Which is Ironic Given that She Writes Feminist Language Poetry
Bed is the place to write about Positions of the Sun, a starkly domestic, at times quite cozy, book. Domestic tasks, including folding laundry and cleaning the bathtub, are, in Positions of the Sun, of “pressing and relentless importance.” I climbed into bed, and then I began to read.
Lyn Hejinian, a poet, essayist and translator, applies poetic logic to her sprawling works of prose. A man in his mid-30s, who I was dating when I was an 18-year-old, introduced me to her landmark book My Life (1980). He had a prized copy on his bookshelf. During Hurricane Sandy, the most destructive storm of the 2012 hurricane season, I found myself stuck in his Williamsburg, Brooklyn, apartment, the electricity and water having been wiped out in my Manhattan dormitory. My then-boyfriend thought that My Life was an important tome to add to my nubile avant-garde canon.
I tore through the book, lying face down on his bed, not yet knowing the word poetics, but admiring hers. The way she touched memory in short, stiff sentences gave me a feeling of permission in prose. I recall its back cover description claiming that many readers counted it as their favorite book, and I wanted the honor of being among their number. I handed the book back to him. I’d cracked its spine, which had, prior to the lending, been pristine. This upset him, and he said so. I was an unwanted, filthy imposition on his avant-garde literature collection.
Hejinian was a founding figure of the 1970s Language poetry movement, a school of writing that emphasized the idea that language dictates denotation, rather than the other way around. This idea has influenced my approach to my own artistic practice, in which the sonic value of speech often comes before its meaning. The Language poetry movement is often takes leftist political organizing as its subject, a common practice of Hejinian’s. Her work sits at the intersection of poetry, prose, and philosophy, often veering towards the transparently autobiographical, an approach that appeals to my desire for confession and intimacy.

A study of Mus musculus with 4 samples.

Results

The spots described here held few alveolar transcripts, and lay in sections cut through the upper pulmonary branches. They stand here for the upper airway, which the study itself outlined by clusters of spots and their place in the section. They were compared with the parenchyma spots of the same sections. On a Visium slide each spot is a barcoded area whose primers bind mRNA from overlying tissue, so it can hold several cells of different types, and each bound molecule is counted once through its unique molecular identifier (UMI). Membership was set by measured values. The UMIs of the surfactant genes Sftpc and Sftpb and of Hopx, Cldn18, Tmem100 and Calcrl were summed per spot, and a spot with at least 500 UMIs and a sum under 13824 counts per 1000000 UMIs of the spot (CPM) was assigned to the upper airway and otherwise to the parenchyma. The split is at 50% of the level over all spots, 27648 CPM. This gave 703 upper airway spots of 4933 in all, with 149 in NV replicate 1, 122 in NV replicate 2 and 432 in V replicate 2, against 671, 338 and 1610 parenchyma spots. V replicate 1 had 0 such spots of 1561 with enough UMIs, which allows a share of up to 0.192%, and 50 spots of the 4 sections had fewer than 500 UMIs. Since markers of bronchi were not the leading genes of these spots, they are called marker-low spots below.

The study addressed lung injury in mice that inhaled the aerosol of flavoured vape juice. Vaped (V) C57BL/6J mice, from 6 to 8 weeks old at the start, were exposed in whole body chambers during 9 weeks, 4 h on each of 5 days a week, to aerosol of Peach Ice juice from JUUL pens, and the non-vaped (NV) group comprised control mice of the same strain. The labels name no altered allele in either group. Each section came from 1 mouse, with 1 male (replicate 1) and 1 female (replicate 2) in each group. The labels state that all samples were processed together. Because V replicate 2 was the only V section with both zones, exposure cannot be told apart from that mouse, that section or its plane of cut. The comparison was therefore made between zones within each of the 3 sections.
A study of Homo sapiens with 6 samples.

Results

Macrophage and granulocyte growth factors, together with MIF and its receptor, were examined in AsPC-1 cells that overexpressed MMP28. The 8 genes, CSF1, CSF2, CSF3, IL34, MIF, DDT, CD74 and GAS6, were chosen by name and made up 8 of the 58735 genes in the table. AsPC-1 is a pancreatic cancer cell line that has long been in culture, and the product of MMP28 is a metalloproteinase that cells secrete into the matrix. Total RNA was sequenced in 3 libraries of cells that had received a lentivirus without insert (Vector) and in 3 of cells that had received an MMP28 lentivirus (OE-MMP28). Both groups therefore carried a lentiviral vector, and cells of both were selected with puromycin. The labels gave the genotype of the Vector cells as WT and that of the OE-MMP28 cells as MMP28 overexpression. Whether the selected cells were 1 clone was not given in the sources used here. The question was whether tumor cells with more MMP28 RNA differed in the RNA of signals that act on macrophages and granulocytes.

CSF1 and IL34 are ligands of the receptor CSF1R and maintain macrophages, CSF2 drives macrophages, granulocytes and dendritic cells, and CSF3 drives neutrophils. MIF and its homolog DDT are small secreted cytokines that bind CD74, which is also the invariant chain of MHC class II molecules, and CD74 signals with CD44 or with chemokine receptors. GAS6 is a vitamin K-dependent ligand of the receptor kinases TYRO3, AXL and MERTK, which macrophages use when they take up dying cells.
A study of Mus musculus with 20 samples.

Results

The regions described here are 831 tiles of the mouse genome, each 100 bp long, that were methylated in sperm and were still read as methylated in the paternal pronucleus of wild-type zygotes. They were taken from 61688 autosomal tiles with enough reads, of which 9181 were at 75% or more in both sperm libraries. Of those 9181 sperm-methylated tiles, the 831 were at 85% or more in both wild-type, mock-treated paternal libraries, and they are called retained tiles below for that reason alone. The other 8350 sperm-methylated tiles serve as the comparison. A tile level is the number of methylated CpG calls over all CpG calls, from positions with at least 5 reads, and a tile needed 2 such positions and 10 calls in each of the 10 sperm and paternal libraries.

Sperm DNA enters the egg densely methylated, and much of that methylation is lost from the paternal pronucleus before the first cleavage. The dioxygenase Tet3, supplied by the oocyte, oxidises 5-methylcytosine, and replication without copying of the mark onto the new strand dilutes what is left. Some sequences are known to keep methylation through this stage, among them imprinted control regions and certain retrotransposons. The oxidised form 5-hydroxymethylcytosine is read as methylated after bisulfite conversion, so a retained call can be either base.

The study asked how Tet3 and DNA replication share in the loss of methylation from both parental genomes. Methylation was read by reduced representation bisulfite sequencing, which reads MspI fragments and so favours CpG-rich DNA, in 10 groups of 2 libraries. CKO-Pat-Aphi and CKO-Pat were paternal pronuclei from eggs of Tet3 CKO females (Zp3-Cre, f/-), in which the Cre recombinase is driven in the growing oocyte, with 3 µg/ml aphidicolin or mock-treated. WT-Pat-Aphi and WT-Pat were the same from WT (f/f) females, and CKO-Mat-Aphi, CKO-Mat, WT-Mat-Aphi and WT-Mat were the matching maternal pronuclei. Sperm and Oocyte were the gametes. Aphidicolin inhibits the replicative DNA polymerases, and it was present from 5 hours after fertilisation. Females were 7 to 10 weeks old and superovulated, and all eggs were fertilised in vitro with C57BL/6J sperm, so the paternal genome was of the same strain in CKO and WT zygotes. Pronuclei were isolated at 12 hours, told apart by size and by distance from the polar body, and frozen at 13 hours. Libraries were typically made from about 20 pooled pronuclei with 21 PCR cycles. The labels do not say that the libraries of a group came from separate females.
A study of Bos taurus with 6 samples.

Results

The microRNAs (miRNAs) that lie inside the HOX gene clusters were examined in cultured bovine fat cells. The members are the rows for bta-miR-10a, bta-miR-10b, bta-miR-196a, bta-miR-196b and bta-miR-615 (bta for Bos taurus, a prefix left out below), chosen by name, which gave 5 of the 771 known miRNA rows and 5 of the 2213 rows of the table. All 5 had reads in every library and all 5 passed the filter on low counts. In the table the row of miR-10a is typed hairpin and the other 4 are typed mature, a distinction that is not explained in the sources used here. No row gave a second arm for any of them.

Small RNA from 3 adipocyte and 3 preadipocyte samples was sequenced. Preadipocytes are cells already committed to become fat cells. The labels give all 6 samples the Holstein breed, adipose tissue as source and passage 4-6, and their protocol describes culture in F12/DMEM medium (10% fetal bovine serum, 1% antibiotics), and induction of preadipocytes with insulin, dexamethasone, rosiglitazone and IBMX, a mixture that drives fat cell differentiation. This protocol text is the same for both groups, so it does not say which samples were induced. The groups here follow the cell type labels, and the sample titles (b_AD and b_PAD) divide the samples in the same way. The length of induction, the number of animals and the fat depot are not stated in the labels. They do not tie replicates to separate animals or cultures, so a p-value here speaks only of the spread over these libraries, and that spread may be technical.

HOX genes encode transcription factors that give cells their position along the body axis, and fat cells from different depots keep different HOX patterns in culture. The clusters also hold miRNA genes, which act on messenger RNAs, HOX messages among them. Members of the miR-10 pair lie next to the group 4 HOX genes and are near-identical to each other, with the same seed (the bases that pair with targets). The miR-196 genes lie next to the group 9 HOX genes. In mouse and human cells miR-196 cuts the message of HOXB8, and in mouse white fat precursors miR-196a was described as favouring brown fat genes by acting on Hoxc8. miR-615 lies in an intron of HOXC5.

She began writing Positions of the Sun during the 2008 recession, when the University of California used the crisis as a justification to lay off many of its faculty and staff. Political organizing, spurred by solidarity between labor unions and students, was soon underway, the likes of which the University’s campuses had never seen before. In the book, Hejinian ties this surge of political activity to avant-garde literary and artistic movements: activism, she claims, defines itself as contrary to capitalism, and thus depends on capitalism for its survival. Similarly, the avant garde defines itself as contrary to the mainstream, and is thus dependent on the mainstream for its continuance. Activists, artists and writers live under a sun which casts their shadow on the pavement of a city—in this case, the city of Berkeley, where Hejinian lives.
Living under this sun “requires receptivity and considerable frustration.” The sun “emits a continuous roar, but from such a distance that it doesn’t seem it can possibly be addressing any of us.” Positions of the Sun is a treatise on the intertwining of activism and art with everyday life, which includes, I would like to think, my midday bed lying. Its characters, in addition to planning political actions and discussing literature, get dressed, answer phones, reheat pea soup.
I got out of bed, I ate, I went back to sleep again. Hours later I woke up slowly, rolled over and read from a pdf of Positions of the Sun on my computer. I found a leftover beer from the night before and poured the remainder into a glass. It was flat. I drank it anyway, and then I began to write.